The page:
OPJ presents findings on the impact of the COVID-19 pandemic on fundamental rights


The FRA's “Fundamental Rights Report 2021” [REFER HERE], whose Portuguese contribution was prepared by CES/OPJ, has a special focus on the analysis of the impacts of the situation caused by the COVID-19 pandemic on fundamental rights, reporting on the worsening of the socio-economic vulnerabilities of the most affected social groups.

The CES/OPJ team, composed by Conceição Gomes (coord. ), Ana Cristina Santos, Carlos Nolasco, Carolina Carvalho, Fernando Fontes, Marina Henriques, Paula Fernando and Rui do Carmo developed the report on Portugal [REFER HERE], carrying out an analysis around two axes: the impacts of the COVID-19 pandemic on the fundamental rights of some social groups subject to special vulnerabilities, namely the elderly, Gypsies and other ethnic minorities, migrants, refugees, children and people with disabilities; and the public policies and measures implemented for the promotion and protection of those rights

With regard to the first axis, the indicators collected show that the COVID-19 pandemic of had a particularly negative impact on the fundamental rights of the following groups of citizens:

(a) Older people. Being the age group with the greatest vulnerability to the disease, they were especially affected by the pandemic. They recorded the highest number of deaths, especially of residents in nursing homes (more than 2,000 COVID-19 deaths by 2020) and suffered dramatically from the impact of confinement, which aggravated their processes of social isolation. The 12% increase in calls to the Ombudsperson's Elderly Hot-Line by September 2020, compared to the same period in 2019, is one of the symptoms of this worsening.

(b) Roma and people from other ethnic minorities. The number of complaints made to the Commission for Equality and Against Racial Discrimination in 2020 for discriminatory practices, including complaints related to the pandemic context, considering racial and ethnic origin, colour, nationality, ancestry and territory of origin, increased by 50% compared to 2019.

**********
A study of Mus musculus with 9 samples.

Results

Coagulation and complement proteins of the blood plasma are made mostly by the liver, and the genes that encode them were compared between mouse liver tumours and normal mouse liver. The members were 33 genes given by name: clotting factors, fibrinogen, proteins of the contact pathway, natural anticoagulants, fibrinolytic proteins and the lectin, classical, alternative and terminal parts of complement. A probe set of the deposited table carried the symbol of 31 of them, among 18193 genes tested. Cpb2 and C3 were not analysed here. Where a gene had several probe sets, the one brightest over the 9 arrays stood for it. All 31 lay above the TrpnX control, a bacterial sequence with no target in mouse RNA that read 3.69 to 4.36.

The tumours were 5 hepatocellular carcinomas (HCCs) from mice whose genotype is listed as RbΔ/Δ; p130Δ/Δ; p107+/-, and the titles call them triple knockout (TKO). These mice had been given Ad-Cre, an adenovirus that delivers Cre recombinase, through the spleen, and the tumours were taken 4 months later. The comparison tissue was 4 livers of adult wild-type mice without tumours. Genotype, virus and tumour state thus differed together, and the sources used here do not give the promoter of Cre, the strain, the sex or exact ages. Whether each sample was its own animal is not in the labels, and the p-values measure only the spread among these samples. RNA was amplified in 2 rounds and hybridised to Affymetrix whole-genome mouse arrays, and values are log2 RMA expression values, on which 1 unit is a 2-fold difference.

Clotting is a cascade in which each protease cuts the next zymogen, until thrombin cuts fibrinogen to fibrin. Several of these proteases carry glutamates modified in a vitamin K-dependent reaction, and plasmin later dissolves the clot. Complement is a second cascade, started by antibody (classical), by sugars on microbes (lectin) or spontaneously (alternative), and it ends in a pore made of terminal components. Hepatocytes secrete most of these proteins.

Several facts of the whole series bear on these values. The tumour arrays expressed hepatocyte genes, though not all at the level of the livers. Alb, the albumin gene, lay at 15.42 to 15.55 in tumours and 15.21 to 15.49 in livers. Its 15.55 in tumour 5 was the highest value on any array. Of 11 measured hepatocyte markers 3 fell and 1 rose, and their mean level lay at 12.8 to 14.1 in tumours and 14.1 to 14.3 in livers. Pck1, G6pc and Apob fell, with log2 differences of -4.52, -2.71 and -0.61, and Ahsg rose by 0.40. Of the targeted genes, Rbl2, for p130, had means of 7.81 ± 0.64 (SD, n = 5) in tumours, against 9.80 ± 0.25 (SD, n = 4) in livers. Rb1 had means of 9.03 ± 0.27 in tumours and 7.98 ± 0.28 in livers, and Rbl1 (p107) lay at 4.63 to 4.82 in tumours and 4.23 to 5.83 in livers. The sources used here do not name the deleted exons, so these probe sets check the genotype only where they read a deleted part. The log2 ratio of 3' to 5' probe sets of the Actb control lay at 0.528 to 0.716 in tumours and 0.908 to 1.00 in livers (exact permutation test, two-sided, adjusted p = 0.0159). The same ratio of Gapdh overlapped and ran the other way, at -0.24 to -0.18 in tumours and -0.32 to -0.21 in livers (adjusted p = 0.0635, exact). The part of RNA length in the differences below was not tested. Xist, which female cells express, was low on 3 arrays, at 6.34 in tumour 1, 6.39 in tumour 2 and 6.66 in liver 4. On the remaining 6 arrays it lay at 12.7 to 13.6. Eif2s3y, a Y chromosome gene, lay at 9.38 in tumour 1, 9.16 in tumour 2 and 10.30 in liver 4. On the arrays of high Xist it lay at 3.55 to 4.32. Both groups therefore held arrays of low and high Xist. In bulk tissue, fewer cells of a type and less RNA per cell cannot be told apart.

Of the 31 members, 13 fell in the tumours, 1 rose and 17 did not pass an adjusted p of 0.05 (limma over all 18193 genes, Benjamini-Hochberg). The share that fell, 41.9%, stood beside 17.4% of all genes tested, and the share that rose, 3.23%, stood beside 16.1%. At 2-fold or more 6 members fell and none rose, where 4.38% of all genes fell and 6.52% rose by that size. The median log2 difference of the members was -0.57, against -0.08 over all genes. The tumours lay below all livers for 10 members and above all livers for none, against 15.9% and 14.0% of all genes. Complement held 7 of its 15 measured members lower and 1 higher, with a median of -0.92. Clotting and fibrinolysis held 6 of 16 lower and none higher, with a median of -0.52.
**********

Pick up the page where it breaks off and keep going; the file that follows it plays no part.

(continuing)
(c) Children and young people victims of physical, psychological and emotional violence, neglect and abandonment. The pandemic increased the number of children exposed to these situations and the frequency with which they were exposed. The “Children in Danger” hot-line of the National Commission for the Promotion of the Rights and Protection of Children and Young People (CNPDPCJ), created during the pandemic, has received since May 2020 more than 1,000 reports and an additional 1,696 complaints registered through the form available online.

(d) Persons with disabilities, namely students. The imposition of confinement measures and the start of distance learning left most of these students without the necessary support, aggravating the context in which families remained the main caregivers.

Regarding the second axis, the following policies or measures stand out:

(a) Extending the situation of regular stay in the country of people with processes pending with the Foreigners and Borders Service (SEF), thus seeking to mitigate the effects of the pandemic among immigrants.

(b) Right of access of immigrants and refugees to the National Health Service (SNS), with equal rights and duties as national citizens. The Health Regulatory Authority, following some complaints from foreigners due to difficulties in access to health care, issued a supervision alert to reinforce this right.

(c) Support for children and young students. Among the measures to minimise the impact of the pandemic on children, it is worth highlighting the provision of meals by schools to students who benefit from social support during the distance learning period. On the other hand, several public and private entities campaigned to deliver computers and tablets to students who needed this support, to reduce unequal access to information technologies.

The report also highlights some developments that have occurred regarding the promotion and protection of fundamental rights not exclusively related to the COVID-19 pandemic. For example, in 2020, although there were no setbacks in terms of political-legal developments regarding equality and antidiscrimination of LGBTQI+ persons in Portugal, the advances registered in issues in the field of education, health and care provision were not significant, which raises concerns as the current social context remains hostile to sexual and gender diversity, with reported incidents linking right-wing extremism to homophobic and transphobic hate crimes.

The integration of CES/OPJ within FRANET, the FRA's multidisciplinary research network, for the period between 2019 and 2022, has assumed enormous relevance in systematic research on matters related to the promotion and protection of fundamental rights in Portugal. This participation has been a permanent stimulus to the systematization and analysis of data on the main challenges faced by the European Union, particularly in Portugal, in terms of fundamental rights, contributing to the Agency's comparative analyses published in its reports.